Researcher returns to roots
Dr. Rona Graham, who grew up in Stanstead, has been awarded a prestigious Canada Research Chair for her research into neurodegenerative diseases. Dr. Graham recently returned to the Eastern Townships after working for many years in British Colombia and
in Saudi Arabia, joining the Université de Sherbrooke as an Assistant Professor in the Department of Physiology and Biophysics on January 1st, 2012. Dr. Graham, the youngest daughter of Duncan and Maggi Graham who both taught at Stanstead
College, attended Sunnyside Elementary, the Ursuline Convent, Alexander Galt High School and Champlain College Lennoxville. She then went on to get a B. Sc. Degree in Biology at Concordia University, followed by a PHD from the University of British Colombia in 2006.
In an interview with The Stanstead Journal, I asked Dr. Graham, a renowned researcher after working in the Dr. Michael Hayden laboratory at the Centre for Molecular Medicine and Therapeutics, University of British Columbia, for many years, if she had accepted the appointment at the Université de Sherbrooke at least partially to come ‘home’ again. “Knowing the area certainly did help me decide to come back. I was in Stanstead in January with my father and I was back there again last weekend,” she said.
Dr. Graham lived in British Colombia for eleven years and much of her research work in the Hayden laboratory, where she reportedly played a crucial role, was on Huntington’s Disease. During her time in Saudi Arabia, Dr. Graham ran a cytogenetic laboratory and established a Molecular Genetics Laboratory. “I spent about four years in Saudi Arabia but I wasn’t involved in research there; I was working in a diagnostic clinic. I really enjoyed the time I spent there.”
Through the Canada Research Chair Program, Dr. Graham’s laboratory, at the Sherbrooke Research Centre on Aging (CDRV) situated at the CHUS Fleurimont, will receive $100,000 annually for five years. According to the press release, her laboratory will investigate: “The role of caspases in neurodegenerative diseases. Neurodegeneration, the loss of structure and function of neurons in the brain, causes cellular dysfunction and the eventual death of brain cells. Several diseases, including Parkinsons, Alzheimer’s, Huntington’s and Stroke, occur as a result of this process. Dr. Rona Graham is studying how proteins involved in death cell pathways are regulated with aging and how they may be altered during the development of neurodegenerative diseases.”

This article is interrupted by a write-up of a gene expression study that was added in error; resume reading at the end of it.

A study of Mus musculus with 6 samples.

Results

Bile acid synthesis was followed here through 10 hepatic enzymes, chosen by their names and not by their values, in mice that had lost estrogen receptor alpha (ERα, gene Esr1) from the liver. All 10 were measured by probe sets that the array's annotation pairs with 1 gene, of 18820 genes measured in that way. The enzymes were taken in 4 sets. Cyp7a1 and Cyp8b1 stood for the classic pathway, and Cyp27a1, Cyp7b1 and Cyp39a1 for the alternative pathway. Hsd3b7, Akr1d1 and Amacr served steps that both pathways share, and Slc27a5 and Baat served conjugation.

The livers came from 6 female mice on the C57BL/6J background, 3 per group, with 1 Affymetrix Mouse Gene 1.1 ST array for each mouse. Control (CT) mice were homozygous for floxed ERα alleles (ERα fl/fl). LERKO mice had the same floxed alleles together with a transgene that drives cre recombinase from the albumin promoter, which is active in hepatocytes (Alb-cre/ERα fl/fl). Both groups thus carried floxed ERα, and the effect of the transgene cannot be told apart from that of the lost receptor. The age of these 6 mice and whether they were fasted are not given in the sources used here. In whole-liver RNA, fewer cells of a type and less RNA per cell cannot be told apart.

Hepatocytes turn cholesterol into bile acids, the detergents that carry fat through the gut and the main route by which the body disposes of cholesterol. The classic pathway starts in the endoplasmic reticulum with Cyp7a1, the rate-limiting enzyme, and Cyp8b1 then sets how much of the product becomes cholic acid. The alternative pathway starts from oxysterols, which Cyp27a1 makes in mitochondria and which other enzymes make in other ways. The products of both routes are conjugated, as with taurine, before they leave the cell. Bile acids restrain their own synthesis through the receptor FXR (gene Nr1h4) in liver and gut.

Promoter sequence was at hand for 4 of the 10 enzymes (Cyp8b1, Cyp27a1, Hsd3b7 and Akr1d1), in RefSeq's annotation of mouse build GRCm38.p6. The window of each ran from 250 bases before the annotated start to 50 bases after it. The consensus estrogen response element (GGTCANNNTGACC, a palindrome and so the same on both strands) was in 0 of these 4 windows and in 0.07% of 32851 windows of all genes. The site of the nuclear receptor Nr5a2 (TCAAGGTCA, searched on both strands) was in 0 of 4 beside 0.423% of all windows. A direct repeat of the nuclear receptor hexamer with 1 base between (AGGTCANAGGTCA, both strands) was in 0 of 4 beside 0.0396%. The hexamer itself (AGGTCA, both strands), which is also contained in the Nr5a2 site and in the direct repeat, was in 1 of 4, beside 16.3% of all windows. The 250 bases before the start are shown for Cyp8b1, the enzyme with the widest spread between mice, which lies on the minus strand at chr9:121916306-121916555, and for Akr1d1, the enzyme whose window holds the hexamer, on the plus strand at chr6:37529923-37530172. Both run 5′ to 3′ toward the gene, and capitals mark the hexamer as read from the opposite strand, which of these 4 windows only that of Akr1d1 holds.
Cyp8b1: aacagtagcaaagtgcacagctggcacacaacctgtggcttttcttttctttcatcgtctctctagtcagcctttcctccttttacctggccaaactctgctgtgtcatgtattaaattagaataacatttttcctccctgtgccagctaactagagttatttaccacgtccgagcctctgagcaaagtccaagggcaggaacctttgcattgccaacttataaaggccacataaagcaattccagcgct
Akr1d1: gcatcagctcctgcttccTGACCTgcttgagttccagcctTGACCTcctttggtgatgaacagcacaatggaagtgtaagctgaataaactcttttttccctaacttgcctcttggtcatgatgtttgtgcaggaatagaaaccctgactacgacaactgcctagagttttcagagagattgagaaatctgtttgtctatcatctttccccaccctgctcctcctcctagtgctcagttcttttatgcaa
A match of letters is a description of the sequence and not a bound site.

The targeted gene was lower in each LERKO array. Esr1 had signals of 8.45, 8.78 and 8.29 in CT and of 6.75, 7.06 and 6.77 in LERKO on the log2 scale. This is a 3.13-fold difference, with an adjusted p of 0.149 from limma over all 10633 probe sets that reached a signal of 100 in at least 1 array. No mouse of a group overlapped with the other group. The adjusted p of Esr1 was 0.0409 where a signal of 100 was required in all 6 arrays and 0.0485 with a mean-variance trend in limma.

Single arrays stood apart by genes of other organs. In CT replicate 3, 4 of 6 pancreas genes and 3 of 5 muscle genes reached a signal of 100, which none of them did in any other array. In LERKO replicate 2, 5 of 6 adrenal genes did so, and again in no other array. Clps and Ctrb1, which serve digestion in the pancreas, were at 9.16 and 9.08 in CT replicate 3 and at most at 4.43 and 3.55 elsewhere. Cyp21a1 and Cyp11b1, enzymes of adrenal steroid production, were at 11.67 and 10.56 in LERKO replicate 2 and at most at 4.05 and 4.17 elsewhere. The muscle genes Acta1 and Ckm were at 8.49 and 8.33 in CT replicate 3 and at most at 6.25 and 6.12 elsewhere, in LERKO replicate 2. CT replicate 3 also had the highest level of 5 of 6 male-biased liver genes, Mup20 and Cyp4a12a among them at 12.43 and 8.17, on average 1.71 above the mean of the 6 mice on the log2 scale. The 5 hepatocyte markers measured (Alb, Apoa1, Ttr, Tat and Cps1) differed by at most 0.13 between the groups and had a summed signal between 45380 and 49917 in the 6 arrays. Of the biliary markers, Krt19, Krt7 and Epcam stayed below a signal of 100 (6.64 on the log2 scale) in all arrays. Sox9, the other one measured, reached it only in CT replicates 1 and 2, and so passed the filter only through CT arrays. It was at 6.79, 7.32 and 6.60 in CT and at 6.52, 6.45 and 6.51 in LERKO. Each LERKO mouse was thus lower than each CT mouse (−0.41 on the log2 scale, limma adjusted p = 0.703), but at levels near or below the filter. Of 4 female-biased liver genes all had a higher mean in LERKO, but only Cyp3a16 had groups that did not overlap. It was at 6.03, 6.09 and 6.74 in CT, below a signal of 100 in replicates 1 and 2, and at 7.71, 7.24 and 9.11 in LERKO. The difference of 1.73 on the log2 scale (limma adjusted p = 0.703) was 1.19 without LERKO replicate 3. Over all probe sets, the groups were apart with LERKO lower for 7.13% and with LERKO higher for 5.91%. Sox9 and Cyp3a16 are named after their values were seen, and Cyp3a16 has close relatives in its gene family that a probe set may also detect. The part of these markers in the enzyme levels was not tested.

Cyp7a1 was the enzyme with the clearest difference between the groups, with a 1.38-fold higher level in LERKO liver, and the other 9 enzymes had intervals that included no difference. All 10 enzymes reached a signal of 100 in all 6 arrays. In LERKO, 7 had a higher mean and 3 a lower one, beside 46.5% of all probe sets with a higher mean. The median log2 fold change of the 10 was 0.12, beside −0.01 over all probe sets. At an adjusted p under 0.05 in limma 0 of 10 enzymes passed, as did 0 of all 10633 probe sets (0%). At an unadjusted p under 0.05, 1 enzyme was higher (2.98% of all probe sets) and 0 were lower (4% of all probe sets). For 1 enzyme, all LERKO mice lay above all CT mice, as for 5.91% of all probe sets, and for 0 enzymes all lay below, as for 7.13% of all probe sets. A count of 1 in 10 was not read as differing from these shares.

“A lot of our work will be on cell cultures; stressing the cells and then analyzing the proteins,” commented Dr. Graham. Asked if her work is related to prevention or treatment, she answered: “We always hope to be able to prevent disease but it’s a tall order. If we can just delay a disease like Alzheimer’s until the person is ninety instead of seventy-five, that would be a step forward.”
Dr. Graham will also do some teaching at the Sherbrooke university. “I certainly come from a long line of teachers. My mother, Maggi, taught art and my father, Duncan, taught geography. They were both at Stanstead College for about thirty years. I’ll do some teaching in the lab with grad students and some in classes.”
There is a very personal side to the pivotal and important research being
from page 3 carried out by Dr. Graham: in 2007, her mother Maggi died from Alzheimer’s disease. Asked if it was her mother’s death which motivated her to research neurodegenerative disease, she replied: “I had been doing research on Huntington disease so I was already focussed on neurodegenerative disease. I had just started to think about Alzheimer’s disease when my mother was diagnosed with it.”
“There has been a huge amount of stride made with regard to neurodegenerative diseases. With the amount of research going on we are getting closer to treatment. It’s exciting times and we are discovering a lot,” she added.
Being awarded the Canada Research Chair was great news for Dr. Graham. “I can’t estimate the impact this will have. It frees me to focus on the research instead of constantly trying to raise the money to keep the lab afloat. Labs are closing across the country; in bad economic times research gets hit hard. This award gives me the time to do the critical experiments and be more efficient. It is also a prestigious title and will help set my career.”
Dr. Graham has noticed some improvements to Stanstead since the days when she called the town home. “I used to visit about every five years but I did notice some changes recently. I thought the Stonehenge (Stone Circle) was fantastic and it was so nice to see new shops in Rock Island. I liked the Granite Museum and the new park with the granite sculpture in downtown Rock Island looks really good,” she commented.
“I’m very happy to be back in the Townships; it’s a beautiful part of the world. And it was 23 degrees last week! I also really like the people here. Although I’m having to remember my French, it’s coming right back. Thank goodness for my schooling with the Ursulines!” concluded the distinguished scientist. In memory of a much loved brother,
whose tragic death occurred March 30th, 1949. Nothing can ever take away The love a heart holds dear, Fond memories linger every day, Remembrance keeps him near.
from page 7
Dr. Rona Graham, seen here in her laboratory, recently received a Canada Research Chair for her work to find treatments for diseases such as Alzheimer’s and Parkinson’s.